A Backlog for Ruthless Prioritizing


Priorities get mixed up when you’re doing to many things in parallel

One of the worst things about dealing with too many issues at once is that every one of them seems to be the most important one when you’re looking at it by itself. The reason for such misjudgment is that while you discuss one issue via chat, phone or email, you often don’t see the whole picture. Before you know it, you’re constantly changing priorities and generating a lot of context switching in development.

Starting more work does not lead to faster results – on the contrary!

If you keep talking constantly about all your issues, you tend to think that everything is being worked on in parallel even if you have only one developer. So your expectations rise to unrealistic levels and you tend to push harder (often to the misfortune of both product quality and your team’s morale).

Making Real Capacity Visible by Serializing Work

To establish a shared, more stable understanding of priorities and a better perception of how much work can be done, my second agile process change was to force all User Stories into one list and sort that list by priority. I did not allow two items to have the same priority as our organization didn’t have the capacity to do things in parallel. That forced us to serialize the things we had been working on which, when paired with rough estimations of all issues, gave us a better feel for the amount of work to be done. Our Backlog was born.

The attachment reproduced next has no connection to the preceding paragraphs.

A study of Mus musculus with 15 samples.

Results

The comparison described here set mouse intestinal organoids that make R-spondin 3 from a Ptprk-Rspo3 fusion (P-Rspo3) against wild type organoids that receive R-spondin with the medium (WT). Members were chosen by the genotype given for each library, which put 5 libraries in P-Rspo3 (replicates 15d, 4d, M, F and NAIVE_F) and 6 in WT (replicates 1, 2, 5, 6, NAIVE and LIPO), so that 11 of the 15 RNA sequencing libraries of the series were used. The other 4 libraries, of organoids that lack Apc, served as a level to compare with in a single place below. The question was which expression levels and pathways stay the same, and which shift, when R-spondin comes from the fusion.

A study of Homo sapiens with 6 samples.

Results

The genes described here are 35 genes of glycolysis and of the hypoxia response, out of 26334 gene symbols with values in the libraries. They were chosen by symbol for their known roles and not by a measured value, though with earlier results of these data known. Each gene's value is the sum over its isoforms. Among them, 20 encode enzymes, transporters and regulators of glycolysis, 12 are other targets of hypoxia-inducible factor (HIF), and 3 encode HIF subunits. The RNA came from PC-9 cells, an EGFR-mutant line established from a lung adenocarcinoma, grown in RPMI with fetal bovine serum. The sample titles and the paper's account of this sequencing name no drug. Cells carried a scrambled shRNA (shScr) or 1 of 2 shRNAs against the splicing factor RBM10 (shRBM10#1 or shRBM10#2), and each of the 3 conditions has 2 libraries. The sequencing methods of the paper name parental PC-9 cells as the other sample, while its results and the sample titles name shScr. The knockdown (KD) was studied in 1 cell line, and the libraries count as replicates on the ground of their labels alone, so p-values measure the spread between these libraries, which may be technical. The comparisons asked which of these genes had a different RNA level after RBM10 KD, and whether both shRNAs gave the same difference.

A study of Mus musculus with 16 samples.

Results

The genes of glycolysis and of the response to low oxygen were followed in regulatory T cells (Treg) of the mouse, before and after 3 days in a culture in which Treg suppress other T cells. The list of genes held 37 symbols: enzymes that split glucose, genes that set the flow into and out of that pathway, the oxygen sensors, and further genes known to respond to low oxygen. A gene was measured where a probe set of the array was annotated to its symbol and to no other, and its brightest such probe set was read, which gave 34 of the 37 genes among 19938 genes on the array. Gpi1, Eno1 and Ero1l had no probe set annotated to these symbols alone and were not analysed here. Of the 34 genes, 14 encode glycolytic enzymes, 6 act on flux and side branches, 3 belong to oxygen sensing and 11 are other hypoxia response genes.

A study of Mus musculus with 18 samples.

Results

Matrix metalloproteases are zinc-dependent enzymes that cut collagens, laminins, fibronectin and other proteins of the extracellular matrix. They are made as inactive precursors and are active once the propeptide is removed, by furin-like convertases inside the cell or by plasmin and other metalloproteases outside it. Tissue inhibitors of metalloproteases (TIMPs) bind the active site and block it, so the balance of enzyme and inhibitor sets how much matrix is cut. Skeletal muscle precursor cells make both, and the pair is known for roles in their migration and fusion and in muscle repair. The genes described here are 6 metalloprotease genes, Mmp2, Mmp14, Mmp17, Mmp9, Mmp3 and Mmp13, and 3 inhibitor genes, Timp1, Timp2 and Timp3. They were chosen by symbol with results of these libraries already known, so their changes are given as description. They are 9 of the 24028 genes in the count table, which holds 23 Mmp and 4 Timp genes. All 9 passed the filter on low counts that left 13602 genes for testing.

This was a really hard exercise because suddenly it became very apparent that not everything could be worked on right now and not everything would be done by the end of the week. Discussing each item in isolation created the illusion that everything being worked on would soon be finished. When Friday rolled around, it was pretty disappointing to realize we hadn’t really accomplished anything.

Breaking big feature sets into comparable chunks and forcing people to order them by priority was an eye opener for my team. We managed to focus on the most important things first and I enforced the rule that nothing new gets started until the current User Story was finished. Again, this was tough. There was the typical perception of “committed is done” which I had experienced all too often in the past. But I didn’t waiver. I insisted that the product owner hold all new requests until the current stories were done and I ensured the developers really finished a Story before accepting new ones.

In the long run, this approach even led to faster development as everyone was able to focus and we minimized having to re-work features.

Transparency isn’t always welcome – but you can’t improve without it

Did I already mention that this was hard 😉 ? It’s always hard if you take away the dreams of people by making problems visible and not being able to offer immediate short term solutions. It’s so much easier to ignore the problems and blame someone else for not delivering either “perfect specs” or “perfect code”. But the pain is definitely worth it once everyone sees quality and speed increasing after a perceived slow down. Perceived because actually there usually is no real slow down. If you were paying attention, you’d know you weren’t so fast in the first place. The feeling of higher speed was only built on the impression that you were constantly driving everthing instead of only one thing. Serialization of issues and concentrating on really finishing stuff are the keys to higher quality and higher output.